Do depressed people get fewer colds?

October 3, 2012 at 5:57 pm | Posted in Uncategorized | 1 Comment

I can’t help thinking of Ben Goldacre’s comment about the Daily Mail‘s ‘ongoing ontological program to divide all inanimate objects into ones that will either cause or cure cancer‘. Note that the research was done on lady hamsters, and that just because both mood disorders and night-lighting have become far more common over the last half century, that doesn’t prove a causal link between them.

But seriously, if the suggestion holds up in future studies, this is one risk factor we could all do something about, yes?

If only. My local council recently replaced some of the astronomers’ nightmare, orange sodium lighting, with white lights so large and bright that the wildlife’s probably still reeling. Do they switch the lights off at night? Of course not. Safety reasons. The new lights, apparently, cast less uplight (good), but they still flood every bedroom in the neighbourhood. And since only some were changed, my nights are now, like the future, bright and orange, instead of merely orange.

Motion sensors would sort the problem. I guess they’re too expensive.

Milky WayWould being able to see the stars make us all feel better? Now and again I’m lucky enough to get to a part of the UK where I can still, on a clear night, see the Milky Way. (Here, if I get to see the Orion Nebula it’s a good night.) The first time, I looked up at the night sky and couldn’t get my bearings at all. So many stars! It was as if someone had gone on a rampage through De Beers and hurled the diamonds onto a swathe of black velvet. Not orange — as in  where I live — but beautiful, mind-stretching black. (Image from Forest Wander/Creative Commons.)

The link between night light and depression is likely to lie less in our lack of access to anti-narcissistic visions of eternity and infinity, however, than in the immune system, according to this paper’s authors. They think the pro-inflammatory factor TNF-α (tumor necrosis factor alpha) may be involved. Depression has been linked to heart disease and cancer — not exactly a depression-busting statement, that — and inflammation is thought to be the common mechanism: the immune response being too active for too long.

Seasonal affective disorder, of course, is linked to lack of daylight — but that’s natural light, and in the daytime.

Perhaps, if our governments refuse to change the lighting, they’d consider distributing omega-3 fish oils to their photon-bludgeoned constituents. Omega-3 fatty acids are known to have anti-inflammatory effects (the site link is to the IFBB, for whom I’ve done some consultancy work; they’re an independent science charity specialising in research into nutrition, including fatty acids).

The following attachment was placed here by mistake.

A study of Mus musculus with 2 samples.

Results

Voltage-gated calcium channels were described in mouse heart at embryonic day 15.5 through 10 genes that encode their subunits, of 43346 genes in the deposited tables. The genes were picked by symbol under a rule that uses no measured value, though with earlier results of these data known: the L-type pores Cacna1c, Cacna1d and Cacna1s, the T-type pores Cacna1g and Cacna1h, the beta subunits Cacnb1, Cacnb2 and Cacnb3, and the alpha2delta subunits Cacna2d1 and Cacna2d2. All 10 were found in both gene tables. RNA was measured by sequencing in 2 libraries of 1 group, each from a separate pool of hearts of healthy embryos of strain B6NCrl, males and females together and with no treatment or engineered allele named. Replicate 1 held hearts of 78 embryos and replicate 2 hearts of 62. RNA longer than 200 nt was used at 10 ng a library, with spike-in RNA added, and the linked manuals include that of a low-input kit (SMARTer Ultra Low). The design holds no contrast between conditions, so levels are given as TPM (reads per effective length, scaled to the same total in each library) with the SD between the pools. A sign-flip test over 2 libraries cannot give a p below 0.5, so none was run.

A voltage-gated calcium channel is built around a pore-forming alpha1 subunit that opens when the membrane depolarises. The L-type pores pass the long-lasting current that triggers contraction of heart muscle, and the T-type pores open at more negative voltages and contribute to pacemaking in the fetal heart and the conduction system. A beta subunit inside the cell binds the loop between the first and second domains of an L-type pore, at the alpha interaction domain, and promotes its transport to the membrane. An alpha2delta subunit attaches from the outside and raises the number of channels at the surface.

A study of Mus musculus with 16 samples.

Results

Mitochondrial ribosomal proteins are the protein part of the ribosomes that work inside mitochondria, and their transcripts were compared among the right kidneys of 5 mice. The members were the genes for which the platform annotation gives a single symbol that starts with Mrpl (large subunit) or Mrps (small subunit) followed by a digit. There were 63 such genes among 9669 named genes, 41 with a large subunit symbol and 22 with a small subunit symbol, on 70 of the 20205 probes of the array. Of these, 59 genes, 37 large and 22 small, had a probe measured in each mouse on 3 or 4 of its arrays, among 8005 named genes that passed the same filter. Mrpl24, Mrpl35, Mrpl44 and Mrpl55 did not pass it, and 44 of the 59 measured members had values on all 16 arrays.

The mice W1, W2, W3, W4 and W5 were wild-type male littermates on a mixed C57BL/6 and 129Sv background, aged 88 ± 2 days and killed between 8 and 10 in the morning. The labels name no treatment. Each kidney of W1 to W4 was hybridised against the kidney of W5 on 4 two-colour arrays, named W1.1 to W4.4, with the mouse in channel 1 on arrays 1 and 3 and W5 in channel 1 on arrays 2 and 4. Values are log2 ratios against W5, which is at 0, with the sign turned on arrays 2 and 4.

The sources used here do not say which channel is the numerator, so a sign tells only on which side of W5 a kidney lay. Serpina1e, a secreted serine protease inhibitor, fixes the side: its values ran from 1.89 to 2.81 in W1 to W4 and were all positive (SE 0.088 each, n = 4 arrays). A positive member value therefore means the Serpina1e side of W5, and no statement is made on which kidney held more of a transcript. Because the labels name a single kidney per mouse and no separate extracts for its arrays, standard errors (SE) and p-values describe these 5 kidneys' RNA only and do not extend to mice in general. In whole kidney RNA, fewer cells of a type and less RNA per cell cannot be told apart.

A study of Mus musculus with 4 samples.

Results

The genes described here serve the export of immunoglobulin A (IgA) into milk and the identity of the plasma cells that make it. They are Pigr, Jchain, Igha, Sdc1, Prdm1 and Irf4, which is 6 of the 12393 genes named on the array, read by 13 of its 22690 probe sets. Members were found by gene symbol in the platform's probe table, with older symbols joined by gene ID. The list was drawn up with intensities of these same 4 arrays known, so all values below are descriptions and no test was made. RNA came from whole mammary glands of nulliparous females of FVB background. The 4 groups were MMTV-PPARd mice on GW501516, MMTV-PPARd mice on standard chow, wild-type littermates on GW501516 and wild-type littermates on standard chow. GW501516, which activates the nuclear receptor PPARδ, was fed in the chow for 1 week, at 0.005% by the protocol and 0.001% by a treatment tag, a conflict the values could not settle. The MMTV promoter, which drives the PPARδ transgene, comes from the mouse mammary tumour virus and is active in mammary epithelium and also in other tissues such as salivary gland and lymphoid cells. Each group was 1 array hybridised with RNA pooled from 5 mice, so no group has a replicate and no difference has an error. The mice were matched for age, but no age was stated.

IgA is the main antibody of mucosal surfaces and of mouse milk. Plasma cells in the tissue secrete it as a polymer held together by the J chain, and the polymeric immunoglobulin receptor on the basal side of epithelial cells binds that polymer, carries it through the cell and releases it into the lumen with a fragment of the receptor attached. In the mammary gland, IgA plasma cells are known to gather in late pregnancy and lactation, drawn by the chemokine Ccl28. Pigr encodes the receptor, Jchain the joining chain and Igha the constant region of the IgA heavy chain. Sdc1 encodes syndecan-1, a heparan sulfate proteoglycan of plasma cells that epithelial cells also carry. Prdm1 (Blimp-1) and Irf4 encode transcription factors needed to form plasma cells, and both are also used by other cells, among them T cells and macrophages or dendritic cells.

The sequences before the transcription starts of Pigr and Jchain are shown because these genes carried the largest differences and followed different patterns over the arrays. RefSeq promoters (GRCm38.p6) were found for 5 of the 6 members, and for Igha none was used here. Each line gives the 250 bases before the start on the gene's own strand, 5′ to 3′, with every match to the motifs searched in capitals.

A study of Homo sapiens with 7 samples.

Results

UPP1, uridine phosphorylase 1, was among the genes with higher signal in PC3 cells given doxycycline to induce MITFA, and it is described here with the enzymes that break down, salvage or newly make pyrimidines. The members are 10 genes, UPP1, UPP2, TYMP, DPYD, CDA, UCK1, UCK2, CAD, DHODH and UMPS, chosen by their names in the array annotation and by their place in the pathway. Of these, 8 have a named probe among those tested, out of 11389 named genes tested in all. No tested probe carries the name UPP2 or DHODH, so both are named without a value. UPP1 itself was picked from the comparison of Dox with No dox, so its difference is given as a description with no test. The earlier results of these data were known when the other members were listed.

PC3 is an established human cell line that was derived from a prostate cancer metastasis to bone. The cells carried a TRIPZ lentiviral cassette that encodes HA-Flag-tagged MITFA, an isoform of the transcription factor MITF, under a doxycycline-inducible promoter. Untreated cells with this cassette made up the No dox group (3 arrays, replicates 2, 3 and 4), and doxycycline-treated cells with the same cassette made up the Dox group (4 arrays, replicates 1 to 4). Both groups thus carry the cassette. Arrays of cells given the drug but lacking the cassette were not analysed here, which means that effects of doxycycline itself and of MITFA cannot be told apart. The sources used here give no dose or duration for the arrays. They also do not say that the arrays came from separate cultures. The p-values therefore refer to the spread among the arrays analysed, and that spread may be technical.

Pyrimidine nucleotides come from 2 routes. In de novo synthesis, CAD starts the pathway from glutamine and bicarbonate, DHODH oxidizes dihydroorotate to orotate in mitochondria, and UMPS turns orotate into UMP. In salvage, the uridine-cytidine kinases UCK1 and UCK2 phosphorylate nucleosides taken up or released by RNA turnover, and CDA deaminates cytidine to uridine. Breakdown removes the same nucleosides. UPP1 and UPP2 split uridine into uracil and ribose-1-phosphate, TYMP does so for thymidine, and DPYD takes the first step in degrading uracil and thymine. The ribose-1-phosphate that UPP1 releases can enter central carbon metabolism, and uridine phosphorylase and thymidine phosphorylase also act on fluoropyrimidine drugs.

Inflammation is also the key in an interesting paper in Molecular Psychiatry from earlier this year, on the PATHOS-D (PAThogen-HOSt-Defense) hypothesis. This is the idea, roughly, that depression is so common and persistent in our species that the genes which deal out that particular unhappy fate must have advantages as well as the obvious disadvantages. (David Horrobin made a similar case for schizophrenia  in The Madness of Adam and Eve.)

The authors, Raison and Miller, suggest that the gene variants which predispose to depression also boost the immune system’s response to infection. By thinking about depression as related to immunity, they argue, its antisocial effects — withdrawal, anhedonia and so on — can be put in a wider context in which they make more sense. Perhaps our bodies don’t always prioritize our social lives (and the bright lights which often go with them) as highly as our culture-driven, media-pressurised minds do, if you’ll forgive the Cartesian metaphor.

In which case, depression may go along with the ability to fight off a cold. I wonder, do bipolar people’s susceptibility to infections vary with their mood? Or are they exposed to less infection when depression strikes, because of the social impact it has? Do people in brightly lit areas get fewer colds than those where the night lights are less bothersome? Imagine how many confounding factors you’d have to take into account to answer those questions!

It’s an interesting field, neuroimmunology. But it’s ever so difficult.